University of Utah biomedical engineering students Lauren Slattery, Emma Slominski, Robert Falconer, and Catie Augustine put the L-E-R-C into LERC Medical. The first letters of their names form the name of the company they formed to support the realization of their prototype of a dual-function esophageal probe.
Esophageal probes are long probes inserted through the esophagus of a patient under general anesthesia to monitor core body temperature during surgery. LERC Medical developed a dual-function esophageal probe, meaning it measures both core body temperature and oxygen saturation. Both of these measurements are necessary to determine a patient’s stability during surgery.
Currently, to monitor these vitals, two separate devices are necessary. “We wanted to simplify the number of devices needed during a surgery,” Augustine said. “So, we developed a prototype with sensors that are currently available, and threaded them to create a bifurcated mature.” Not only could this new probe reduce the cost incurred by the devices needed during a surgery, but it also reduces the clutter in the surgery theater.
Due to the device’s integration, the insertion procedure of the LERC Medical esophageal probe will not differ from current practice of esophageal probe insertion.
Each member of LERC chose to work on this project for their bio-innovation track during their time studying biomedical engineering at the University of Utah. “I chose this project because I knew it would be a challenge incorporating the electric components, and I was curious as to how it would work and wanted to explore it” Slominski said.
While in this course, LERC won the $20,000 grant prize in the 2022 Bench to Bedside medical innovation competition managed by the Center for Medical Innovation and the Lassonde Entrepreneur Institute. They are using the money to advancing their provisional patent to a utility patent and filing as a limited liability corporation (LLC).
The LERC Medical team was also aided by clinical mentor Kai Kuck, a professor of anesthesiology at the University of Utah, and the PIVOT Center at the University of Utah.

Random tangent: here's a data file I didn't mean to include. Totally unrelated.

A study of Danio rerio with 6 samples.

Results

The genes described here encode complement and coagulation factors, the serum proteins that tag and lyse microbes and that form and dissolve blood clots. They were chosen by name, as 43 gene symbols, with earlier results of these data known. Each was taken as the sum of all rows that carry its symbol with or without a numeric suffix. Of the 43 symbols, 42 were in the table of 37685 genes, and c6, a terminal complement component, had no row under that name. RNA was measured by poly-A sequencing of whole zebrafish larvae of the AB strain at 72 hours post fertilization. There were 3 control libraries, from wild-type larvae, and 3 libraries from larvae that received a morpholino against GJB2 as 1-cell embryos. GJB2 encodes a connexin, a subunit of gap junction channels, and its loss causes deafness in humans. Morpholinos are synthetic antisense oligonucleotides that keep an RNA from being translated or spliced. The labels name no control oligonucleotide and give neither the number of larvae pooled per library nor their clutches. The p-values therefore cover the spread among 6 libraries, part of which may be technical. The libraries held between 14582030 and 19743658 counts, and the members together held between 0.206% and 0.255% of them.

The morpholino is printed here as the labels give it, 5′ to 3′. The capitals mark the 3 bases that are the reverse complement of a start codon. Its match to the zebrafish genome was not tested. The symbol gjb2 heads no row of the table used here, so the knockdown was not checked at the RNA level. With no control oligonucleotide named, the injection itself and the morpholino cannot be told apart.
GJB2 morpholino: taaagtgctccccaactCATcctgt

Augustine compared her classwork and experience with LERC Medical. “LERC has been one of the best experiences I’ve had for what real life engineering is going to be like — to understand where I want to be in industry and what I want to do,” she said
“Bench to Bedside helped us get our business side together,” she added, explaining the advantages of participating in the competition “We hadn’t thought too much beyond marketing requirements or how to get the device to market. I helped us think about the requirements needed to start a business and what team members we will need going forward.”
Slattery emphasized how after their experience with Bench to Bedside, the team realized what a great impact they could have on the medical community by pursuing LERC further. All helped develop the device, but on the business side, Falconer and Slattery focus on filing for patents and creating their LLC, while Slominski and Augustine control the logistics and manufacturing. Falconer and Slattery are still at the University of Utah, pursuing a Ph.D. and residency master’s in biomedical engineering, respectively. As Slominski and Augustine take on full-time jobs, they hope to develop LERC medical as an acquirable passion project.
When asked what advice she would give to others interested in bioengineering or medical innovation, Augustine said, “Even if your prototype isn’t ready, still apply to Bench to Bedside, there’s literally no cons to doing it.”